Budget Update - August 27, 2010
1. Congress Finalizes FY10 International Affairs Budget
With a few weeks remaining before the new fiscal year begins, Congress returns the week of September 13th having finally completed the FY10 spending bills with the enactment on August 10th of a FY10 Supplemental for Education, Jobs, and Medicaid support. The bill included numerous rescissions of existing spending in order to offset part of the cost of the bill, including $120 million in rescissions from three International Affairs Budget accounts. The measure cut $50 million from the Millennium Challenge Corporation (MCC) and $40 million and $30 million from the Civilian Stabilization Initiative run by the State Department and USAID, respectively.
With this action, the final FY10 International Affairs Budget stands at $58.94 billion, $145 million or 0.2% higher than President Obama’s request for FY11. The FY10 total is $6.7 billion more than FY09, a 13.1% increase due to the supplemental. The FY10 figures include: $50.9 billion in FY10 base appropriations, $6.3 billion in the war and Haiti supplemental, $120 million in rescissions, and about $1.8 billion forward-funded from FY09 to cover FY10 expenses.
2. Appropriators Set FY11 State-Foreign Operations Levels, but with Major Differences and an Uncertain Future
Before departing for the August recess, House and Senate Appropriators took steps forward toward approving FY11 funding totals for the State-Foreign Operations spending bill. What became clear by these actions is that major differences remain between House and Senate drafts, not only in the top-line levels but also for specific account levels and activities. Moreover, pressure to hold down spending for next year is growing, with indications coming out of the Senate that Majority Leader Reid is seriously considering an additional $6 billion cut to FY11 discretionary appropriations. This leaves an uncertain picture as to whether current appropriations bill allocations will stay the same or be adjusted lower, which would certainly have an impact on the International Affairs Budget. The most likely scenario is that Congress will pass a Continuing Resolution in September that will keep the government operating at FY10 levels until after the November election.
Spending Differences between House-Senate Bills:
The Senate Appropriations Committee wrapped up consideration of its version of the State-Foreign Operations measure on July 29th, agreeing to $53.9 billion in International Affairs funding. This level is $2.6 billion or 4.6% below the President’s request and $2.6 billion above current funding.
The House State-Foreign Operations Subcommittee, acting on June 30th, voted out $52.5 billion for International Affairs programs — $1.4 billion lower than the Senate. However, the House Appropriations Committee subsequently in July adopted subcommittee 302(b) allocations for each of its 12 spending bills, which restored $1.3 billion of funding to the State-Foreign Operations bill. This now makes the House and Senate State-Foreign Operations funding levels virtually the same.
Policy Differences between House and Senate Bills
In a number of areas, the House and Senate draft bills are similar. Highlights on similarities of the bills:
Highlights of differences of the bills:
While the Senate has filed and published its bill and report, clarifying many details that lie below the overall account totals, the House measure remains unpublished, with only account levels and statements by Committee leaders to inform a House-Senate comparison. Nonetheless, based on information currently available, key differences include:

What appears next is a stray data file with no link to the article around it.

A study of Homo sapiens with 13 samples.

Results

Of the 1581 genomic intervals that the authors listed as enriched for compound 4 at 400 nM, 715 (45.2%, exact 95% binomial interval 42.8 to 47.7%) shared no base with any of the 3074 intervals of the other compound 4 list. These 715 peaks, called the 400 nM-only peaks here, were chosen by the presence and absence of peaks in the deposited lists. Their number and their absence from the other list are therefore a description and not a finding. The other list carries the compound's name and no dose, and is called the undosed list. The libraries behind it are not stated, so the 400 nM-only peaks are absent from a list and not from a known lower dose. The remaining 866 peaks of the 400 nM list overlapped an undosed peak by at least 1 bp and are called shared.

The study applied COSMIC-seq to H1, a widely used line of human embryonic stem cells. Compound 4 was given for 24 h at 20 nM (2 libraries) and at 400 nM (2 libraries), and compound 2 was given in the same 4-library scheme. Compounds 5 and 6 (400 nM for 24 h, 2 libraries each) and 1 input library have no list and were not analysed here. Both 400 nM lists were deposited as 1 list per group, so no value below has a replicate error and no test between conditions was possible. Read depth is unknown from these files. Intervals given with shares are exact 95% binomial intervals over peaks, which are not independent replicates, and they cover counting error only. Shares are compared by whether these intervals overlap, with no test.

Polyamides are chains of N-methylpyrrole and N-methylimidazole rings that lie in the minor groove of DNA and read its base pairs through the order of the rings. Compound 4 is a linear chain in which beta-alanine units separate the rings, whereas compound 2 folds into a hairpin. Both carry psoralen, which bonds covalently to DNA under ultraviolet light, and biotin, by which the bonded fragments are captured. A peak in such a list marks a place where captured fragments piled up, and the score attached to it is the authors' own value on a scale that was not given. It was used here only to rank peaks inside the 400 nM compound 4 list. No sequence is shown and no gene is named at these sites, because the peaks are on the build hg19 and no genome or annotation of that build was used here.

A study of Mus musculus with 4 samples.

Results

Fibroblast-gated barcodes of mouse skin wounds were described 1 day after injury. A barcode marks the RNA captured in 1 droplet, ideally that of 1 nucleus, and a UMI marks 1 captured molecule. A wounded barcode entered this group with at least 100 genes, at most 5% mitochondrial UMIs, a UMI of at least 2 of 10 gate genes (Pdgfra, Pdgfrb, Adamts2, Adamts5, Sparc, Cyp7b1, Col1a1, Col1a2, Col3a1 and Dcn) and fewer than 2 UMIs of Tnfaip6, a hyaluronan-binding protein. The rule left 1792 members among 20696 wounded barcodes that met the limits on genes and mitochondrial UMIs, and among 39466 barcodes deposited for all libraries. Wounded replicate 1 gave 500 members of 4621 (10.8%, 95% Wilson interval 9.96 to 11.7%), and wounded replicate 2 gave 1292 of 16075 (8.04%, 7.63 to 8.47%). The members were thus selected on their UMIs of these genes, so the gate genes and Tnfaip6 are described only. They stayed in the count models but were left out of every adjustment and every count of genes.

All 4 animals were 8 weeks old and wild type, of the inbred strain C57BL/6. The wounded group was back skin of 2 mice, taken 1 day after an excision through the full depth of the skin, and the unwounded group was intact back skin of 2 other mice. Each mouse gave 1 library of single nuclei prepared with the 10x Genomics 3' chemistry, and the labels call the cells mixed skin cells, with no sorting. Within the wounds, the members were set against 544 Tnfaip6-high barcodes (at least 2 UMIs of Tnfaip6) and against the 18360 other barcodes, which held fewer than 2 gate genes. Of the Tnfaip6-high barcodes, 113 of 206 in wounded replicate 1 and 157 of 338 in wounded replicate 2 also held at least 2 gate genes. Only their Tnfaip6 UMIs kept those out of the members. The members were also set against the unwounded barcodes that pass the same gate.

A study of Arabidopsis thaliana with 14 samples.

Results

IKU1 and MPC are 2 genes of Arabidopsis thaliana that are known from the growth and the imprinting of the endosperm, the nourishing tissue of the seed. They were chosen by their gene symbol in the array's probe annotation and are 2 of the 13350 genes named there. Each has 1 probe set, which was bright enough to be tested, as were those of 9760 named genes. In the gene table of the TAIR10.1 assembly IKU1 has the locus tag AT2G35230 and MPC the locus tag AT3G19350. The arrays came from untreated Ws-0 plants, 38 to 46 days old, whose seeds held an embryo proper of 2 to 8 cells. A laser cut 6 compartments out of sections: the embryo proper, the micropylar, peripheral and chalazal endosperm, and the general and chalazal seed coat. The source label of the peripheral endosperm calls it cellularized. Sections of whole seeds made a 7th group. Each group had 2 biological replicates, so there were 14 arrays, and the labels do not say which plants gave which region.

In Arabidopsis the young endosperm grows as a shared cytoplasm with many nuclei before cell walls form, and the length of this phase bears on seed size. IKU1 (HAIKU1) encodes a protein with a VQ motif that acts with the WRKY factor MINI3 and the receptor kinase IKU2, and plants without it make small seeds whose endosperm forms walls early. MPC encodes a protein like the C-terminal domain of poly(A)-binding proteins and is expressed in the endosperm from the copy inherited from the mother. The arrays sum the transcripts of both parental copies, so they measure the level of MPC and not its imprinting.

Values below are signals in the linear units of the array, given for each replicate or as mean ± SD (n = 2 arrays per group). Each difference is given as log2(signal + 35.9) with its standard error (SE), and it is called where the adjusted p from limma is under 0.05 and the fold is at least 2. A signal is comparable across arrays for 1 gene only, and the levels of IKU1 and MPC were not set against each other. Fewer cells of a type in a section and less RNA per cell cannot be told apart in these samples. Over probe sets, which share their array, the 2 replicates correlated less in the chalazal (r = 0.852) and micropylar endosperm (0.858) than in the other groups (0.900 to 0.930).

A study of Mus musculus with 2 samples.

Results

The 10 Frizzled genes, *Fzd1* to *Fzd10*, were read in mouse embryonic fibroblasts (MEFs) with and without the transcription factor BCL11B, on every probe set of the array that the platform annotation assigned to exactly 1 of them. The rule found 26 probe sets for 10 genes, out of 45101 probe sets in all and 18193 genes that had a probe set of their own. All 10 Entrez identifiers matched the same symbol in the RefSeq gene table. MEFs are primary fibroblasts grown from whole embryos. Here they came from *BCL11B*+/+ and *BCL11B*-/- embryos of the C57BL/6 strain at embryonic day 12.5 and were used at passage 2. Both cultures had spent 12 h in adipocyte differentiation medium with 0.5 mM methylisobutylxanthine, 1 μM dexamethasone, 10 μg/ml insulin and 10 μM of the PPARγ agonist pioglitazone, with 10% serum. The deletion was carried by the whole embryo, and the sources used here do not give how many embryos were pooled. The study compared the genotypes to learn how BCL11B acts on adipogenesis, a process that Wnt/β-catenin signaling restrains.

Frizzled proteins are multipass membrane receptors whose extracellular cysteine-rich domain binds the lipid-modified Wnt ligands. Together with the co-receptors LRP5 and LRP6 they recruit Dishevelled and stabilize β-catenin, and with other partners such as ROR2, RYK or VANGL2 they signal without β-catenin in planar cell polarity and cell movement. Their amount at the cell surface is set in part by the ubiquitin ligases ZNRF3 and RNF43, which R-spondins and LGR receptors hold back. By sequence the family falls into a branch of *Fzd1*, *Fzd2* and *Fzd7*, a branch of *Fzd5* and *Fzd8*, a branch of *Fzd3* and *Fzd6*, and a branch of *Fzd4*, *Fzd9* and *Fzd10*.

3. FY11 International Affairs Budget Snapshot (as of 08/27/10)
|Comparison of Base Request|
|International Affairs 150 Account*|
|FY2011 Senate||$ 56.20 billion|
|FY2011 House||$ 54.85 billion|
|FY2011 Request||$ 58.80 billion|
|FY 2010 Enacted**||$ 58.94 billion|
|House Decrease from FY11 Request||-$ 3.94 billion (6.7% decrease)|
|Senate Decrease from FY11 Request||-$ 2.60 billion (4.4% decrease)|
|Foreign Operations Account|
|FY2011 Senate||$ 36.76 billion|
|FY2011 House||$ 36.17 billion|
|FY2011 Request||$ 39.40 billion|
|FY 2010 Enacted**||$ 38.78 billion|
|House Decrease from FY11 Request||-$ 3.23 billion (8.2% decrease)|
|Senate Decrease from FY11 Request||-$ 2.64 billion (6.7% decrease)|
|State Department Operations & Related Accounts***|
|FY2011 Senate||$ 17.144 billion|
|FY2011 House||$ 16.34 billion|
|FY2011 Request||$ 17.10 billion|
|FY 2010 Enacted**||$ 17.72 billion|
|House Decrease from FY11 Request||-$ 0.77 billion (4.5% decrease)|
|Senate Increase from FY11 Request||$ 0.04 billion ( 0.2% increase)|
|International Agriculture Programs|
|FY2011 Senate||$ 1.90 billion|
|FY2011 House||$ 1.96 billion|
|FY2011 Request||$ 1.90 billion|
|FY 2010 Enacted**||$ 2.05 billion|
|House Increase from FY11 Request||+$0.06 billion (3.2% increase)|
|Senate Change from FY11 Request||Equal to request|
* International Affairs totals for each year include additional amounts (ranging between $77 million and $89 million) appropriated in the Treasury spending bill for the International Trade Commission and the Foreign Claims Settlement Commission and $300 million for the Global Fund to Fight HIV/AIDS, Tuberculosis, and Malaria, included in the Labor-HHS bill. The Administration does not include the Global Fund appropriations in the International Affairs budget but the Congressional Budget Office does. This table follows the CBO scoring calculation.
** FY2010 and FY2009 enacted have been adjusted to reflect “forward funding”, amounts Congress appropriated in an emergency FY2009 supplemental in order to cover about $1.8 billion of the FY2010 request.
*** State Department Operations amounts exclude small accounts (about $150 million) that are funded in the bill but are not part of the International Affairs Budget.